Mary Shelley was born in London, England on August 30, 1797. She died in Bournemouth, England on February 1, 1851, of a brain tumor. Her father, William Godwin, was a philosopher and writer. Mary Wollstonecraft, her mother, was also a writer who died when Mary was just a young girl. At a relatively young age, Mary married Percy Bysshe Shelley on December 30, 1816, but he, too, died soon after their marriage. Following the death of her husband, she devoted herself to writing to support herself and her only surviving son, Percy Florence Shelley.
Mary Shelley’s most noted work was Frankenstein. This story was about a scientist named Victor Frankenstein who created a monster. He rejects the monster because of its deformity, sending the monster on a rampage. This book is popular because of the author’s imaginative and descriptive writing.
Frankenstein wasn’t Shelley’s only piece of work. She also wrote The Last Man and Mathilda. The Last Man is about the destruction of the human race in the 21st century. Mathilda is about a father and daughter’s amoral attraction. These books were not as popular because of awkward plotting, and they contain a number of unnecessary words. Critics also admire Shelley’s non-fiction travel volumes which include notes on her husband’s poems.
Mary Shelley was never formally educated but learned from conversations with her father. She was influenced by many people. Lord Byron was one of them. During a discussion at Lord Byron’s plantation, he remarked that women couldn’t write a decent horror story. Facing a new challenge, Mary Shelley wrote Frankenstein to prove him wrong.
A dedicated wife and mother, mary Shelley was also a very determined writer. She proved colleagues wrong by writing one of the most popular and well-known horror stories of all time. Leading a difficult and unfortunate life, she devoted herself to her work as a successful author, publishing several other novels. An intense thriller, Frankenstein, was her most famous work. Portraying what she learned from others and combining it with her own style, Shelley captures the attention of readers with her powerful words and imagination.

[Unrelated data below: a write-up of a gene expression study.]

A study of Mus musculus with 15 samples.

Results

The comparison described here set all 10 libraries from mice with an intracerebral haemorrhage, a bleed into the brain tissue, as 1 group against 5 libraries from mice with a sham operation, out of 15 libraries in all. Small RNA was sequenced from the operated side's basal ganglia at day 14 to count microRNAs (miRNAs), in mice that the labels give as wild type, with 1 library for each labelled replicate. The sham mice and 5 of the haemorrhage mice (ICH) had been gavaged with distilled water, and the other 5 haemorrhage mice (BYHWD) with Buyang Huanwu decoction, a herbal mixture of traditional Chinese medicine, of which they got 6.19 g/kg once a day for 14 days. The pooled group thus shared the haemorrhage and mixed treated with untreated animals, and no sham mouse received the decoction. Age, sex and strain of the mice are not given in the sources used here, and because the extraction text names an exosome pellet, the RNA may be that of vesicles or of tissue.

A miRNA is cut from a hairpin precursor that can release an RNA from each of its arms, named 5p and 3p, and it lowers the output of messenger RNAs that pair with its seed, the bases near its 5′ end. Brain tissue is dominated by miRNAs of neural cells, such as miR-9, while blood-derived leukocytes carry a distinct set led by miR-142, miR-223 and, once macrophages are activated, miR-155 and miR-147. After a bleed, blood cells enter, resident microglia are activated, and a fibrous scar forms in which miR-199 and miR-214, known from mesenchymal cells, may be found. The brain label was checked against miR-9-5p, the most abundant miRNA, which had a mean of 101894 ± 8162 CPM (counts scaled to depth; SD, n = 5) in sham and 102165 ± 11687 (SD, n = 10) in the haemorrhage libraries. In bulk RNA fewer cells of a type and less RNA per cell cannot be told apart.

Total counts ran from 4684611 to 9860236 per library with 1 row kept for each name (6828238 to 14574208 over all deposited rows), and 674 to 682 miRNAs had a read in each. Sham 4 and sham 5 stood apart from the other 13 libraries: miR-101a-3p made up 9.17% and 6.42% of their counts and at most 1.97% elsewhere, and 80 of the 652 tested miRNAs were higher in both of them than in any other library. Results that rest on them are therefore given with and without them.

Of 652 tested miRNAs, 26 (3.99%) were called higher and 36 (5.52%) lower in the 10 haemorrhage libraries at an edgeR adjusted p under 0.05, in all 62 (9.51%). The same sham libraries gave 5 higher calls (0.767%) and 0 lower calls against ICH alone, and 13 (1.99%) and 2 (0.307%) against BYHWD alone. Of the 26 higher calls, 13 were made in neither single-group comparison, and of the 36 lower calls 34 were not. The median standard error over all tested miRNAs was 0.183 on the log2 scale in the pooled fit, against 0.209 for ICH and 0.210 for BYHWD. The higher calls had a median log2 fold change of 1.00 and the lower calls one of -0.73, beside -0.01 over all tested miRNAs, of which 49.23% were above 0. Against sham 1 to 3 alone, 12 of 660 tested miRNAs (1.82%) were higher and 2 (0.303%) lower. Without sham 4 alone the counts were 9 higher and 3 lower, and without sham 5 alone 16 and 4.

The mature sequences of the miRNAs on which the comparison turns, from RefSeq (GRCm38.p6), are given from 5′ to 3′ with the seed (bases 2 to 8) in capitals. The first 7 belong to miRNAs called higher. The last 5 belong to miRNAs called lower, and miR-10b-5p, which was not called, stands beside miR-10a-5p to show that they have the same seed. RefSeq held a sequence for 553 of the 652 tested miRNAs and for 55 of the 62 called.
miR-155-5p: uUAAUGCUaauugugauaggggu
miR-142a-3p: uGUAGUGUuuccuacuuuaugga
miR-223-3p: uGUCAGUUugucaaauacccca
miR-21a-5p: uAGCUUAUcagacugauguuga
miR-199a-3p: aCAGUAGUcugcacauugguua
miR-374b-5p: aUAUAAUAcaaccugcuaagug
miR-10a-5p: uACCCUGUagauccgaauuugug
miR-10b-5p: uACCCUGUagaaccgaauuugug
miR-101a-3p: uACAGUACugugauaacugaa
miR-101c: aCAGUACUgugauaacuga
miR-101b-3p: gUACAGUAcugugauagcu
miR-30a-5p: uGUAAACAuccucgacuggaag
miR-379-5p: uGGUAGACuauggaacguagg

Frankenstein is a novel written by Mary Shelley. It displays the justices and injustices of society. The monster is disliked by his creator, Victor Frankenstein. The monster has no one to love is not loved by anyone either. He is thought of as an outcast. The lack of love the monster is given can only lead to one thing – disaster.
The monster longs for love. Sometimes he finds he loves someone, but they hate him in return. He begs Victor to build a bride for him so he can have someone to love. Without love, the monster turns into a murderer. Now, no one even remotely cares for the monster.
It is an injustice towards the monster that his creator hates him. The creator, Victor Frankenstein, builds a bride for the monster, but then destroys it. The monster feels he has to get justice, and so, begins to kill members of Victor’s family. By doing so, all he does is make Victor hate him more. Victor is not the only one who hates the monster.
This novel indirectly touches on a bit of prejudice. Society hates him because of his difference, his looks. The only member of society who says a word to him is a blind man. When he tries to be nice, he is abused physically and mentally. He becomes an outcast because he is different.
This novel portrays an injustice towards the monster. Society is prejudiced towards the monster because he is not the same in looks as everyone else. No one gives the monster a chance to prove himself. The only justice shown is Victor’s death. The novel illustrates the similarity to society now.